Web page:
Real people have trouble balancing their checkbooks, much less calculating how much they need to save for retirement; they sometimes binge on food, drink, or high-definition televisions. They are more like Homer Simpson than Mr. Spock.
There's a reason why start-ups, especially disruptive start-ups - like Google or Amazon or Uber - are full of young people. That's because young people are not as wedded to the old fashioned ways of doing things.
It's essential that we understand things like the free-rider problem, but we also need to understand that, fortunately, humans are a little nicer than economists give them credit for. Some people actually leave money at roadside fruit stands; some people give money to NPR so we can listen to it.
Traditional economics is based on imaginary creatures sometimes referred to as 'Homo economicus.' I call them Econs for short. Econs are amazingly smart and are free of emotion, distraction or self-control problems. Think Mr. Spock from 'Star Trek.'
The government employs scientists of many varieties in technical capacities, from estimating the environmental toxicity of a chemical to the structural soundness of a bridge. But when it comes to forming policies, these scientists and, especially, behavioral scientists are rarely at the table with the lawyers and the economists.
If there is one thing that most economists agree about in the realm of tax policy, it is that it's best to broaden the base of any tax, all else being equal. That means minimizing the number of deductions and exclusions from taxable income in order to lower marginal rates and reduce distortions.
In the world of traditional economics, it shouldn't matter whether you use an opt-in or opt-out system. So long as the costs of registering as a donor or a nondonor are low, the results should be similar. But many findings of behavioral economics show that tiny disparities in such rules can make a big difference.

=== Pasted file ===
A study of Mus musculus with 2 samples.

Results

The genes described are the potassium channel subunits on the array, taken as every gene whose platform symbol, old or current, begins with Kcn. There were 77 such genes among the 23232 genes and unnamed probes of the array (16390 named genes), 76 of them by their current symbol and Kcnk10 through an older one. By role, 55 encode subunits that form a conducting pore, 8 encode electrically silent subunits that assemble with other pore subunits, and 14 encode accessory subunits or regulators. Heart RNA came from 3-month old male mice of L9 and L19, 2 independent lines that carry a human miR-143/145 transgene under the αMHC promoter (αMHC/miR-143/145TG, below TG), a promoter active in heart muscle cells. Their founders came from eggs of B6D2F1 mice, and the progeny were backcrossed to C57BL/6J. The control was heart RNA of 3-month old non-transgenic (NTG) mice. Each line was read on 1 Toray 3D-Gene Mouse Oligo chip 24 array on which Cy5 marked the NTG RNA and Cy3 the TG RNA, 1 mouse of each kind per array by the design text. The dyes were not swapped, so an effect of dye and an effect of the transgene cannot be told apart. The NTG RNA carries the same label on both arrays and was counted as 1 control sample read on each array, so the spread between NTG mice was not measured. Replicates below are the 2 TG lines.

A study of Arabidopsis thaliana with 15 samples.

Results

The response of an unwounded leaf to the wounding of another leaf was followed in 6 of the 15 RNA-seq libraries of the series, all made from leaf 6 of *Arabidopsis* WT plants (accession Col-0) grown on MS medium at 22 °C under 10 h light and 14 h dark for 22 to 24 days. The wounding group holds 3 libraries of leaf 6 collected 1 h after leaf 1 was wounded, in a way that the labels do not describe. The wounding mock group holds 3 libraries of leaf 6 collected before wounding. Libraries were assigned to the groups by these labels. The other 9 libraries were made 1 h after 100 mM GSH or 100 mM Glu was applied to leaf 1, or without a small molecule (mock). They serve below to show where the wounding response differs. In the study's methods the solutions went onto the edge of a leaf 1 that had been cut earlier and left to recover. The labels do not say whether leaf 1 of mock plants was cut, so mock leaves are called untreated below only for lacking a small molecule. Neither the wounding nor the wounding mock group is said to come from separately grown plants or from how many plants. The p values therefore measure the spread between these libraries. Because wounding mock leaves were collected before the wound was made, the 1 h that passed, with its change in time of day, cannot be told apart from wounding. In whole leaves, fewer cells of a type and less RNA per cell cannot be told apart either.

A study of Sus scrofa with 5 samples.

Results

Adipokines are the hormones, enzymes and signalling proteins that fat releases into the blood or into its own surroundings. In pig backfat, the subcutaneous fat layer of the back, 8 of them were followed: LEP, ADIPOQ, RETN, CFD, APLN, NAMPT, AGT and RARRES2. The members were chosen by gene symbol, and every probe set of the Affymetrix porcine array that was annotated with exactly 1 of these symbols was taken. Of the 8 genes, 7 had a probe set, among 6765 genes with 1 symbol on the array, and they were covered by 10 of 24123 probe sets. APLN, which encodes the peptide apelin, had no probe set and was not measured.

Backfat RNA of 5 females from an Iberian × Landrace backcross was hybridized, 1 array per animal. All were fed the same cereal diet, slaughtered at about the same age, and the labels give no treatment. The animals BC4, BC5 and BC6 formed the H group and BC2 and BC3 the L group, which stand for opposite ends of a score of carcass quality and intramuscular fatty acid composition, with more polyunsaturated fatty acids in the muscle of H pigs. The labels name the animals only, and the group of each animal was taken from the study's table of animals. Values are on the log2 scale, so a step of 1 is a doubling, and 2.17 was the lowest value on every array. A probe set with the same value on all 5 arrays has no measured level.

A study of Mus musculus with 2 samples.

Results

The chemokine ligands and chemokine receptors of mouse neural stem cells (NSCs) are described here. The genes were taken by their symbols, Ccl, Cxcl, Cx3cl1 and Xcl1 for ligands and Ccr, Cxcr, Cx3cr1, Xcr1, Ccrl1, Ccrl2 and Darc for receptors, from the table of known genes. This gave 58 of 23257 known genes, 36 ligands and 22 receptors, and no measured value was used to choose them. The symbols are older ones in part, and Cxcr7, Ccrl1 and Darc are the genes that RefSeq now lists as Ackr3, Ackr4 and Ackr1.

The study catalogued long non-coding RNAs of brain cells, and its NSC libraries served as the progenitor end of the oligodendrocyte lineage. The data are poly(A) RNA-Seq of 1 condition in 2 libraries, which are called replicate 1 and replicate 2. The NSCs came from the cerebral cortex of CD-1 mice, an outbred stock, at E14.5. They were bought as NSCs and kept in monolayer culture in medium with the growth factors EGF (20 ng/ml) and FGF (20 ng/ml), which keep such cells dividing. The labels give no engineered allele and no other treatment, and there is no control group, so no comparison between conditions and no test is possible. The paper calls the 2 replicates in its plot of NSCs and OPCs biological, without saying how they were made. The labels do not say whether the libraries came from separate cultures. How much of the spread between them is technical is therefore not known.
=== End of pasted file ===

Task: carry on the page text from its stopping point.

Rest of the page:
I try to teach people to make fewer mistakes. But in designing economic policies, we need to take full account of the fact that people are busy, they're absent minded, they're lazy, and that we should try to make things as easy for them as possible.
Many Americans say they want to be organ donors, but they just don't get around to acting on their intentions. Helping these potential good Samaritans overcome their inertia could prolong thousands of lives a year.
I am all for trying to teach household finance in schools, starting as early as possible. And when it comes to high school, I think learning about compound interest is at least as important as trigonometry or memorizing the names of all 50 state capitals.
Parents want their children to excel, callers to a victims' hot line want help, and sick people want to get well. Offering aids is like providing an alarm clock: it may help people get to an appointment on time, but no one is forcing them to use it.
Claiming that Social Security benefits are safe may sound naive, but my view is actually quite cynical. I believe that as long as the elderly continue to vote in large numbers, no Congress will renege on promised payouts for those already eligible to receive benefits.
Most of us think that we are 'better than average' in most things. We are also 'miscalibrated,' meaning that our sense of the probability of events doesn't line up with reality. When we say we are sure about a certain fact, for example, we may well be right only half the time.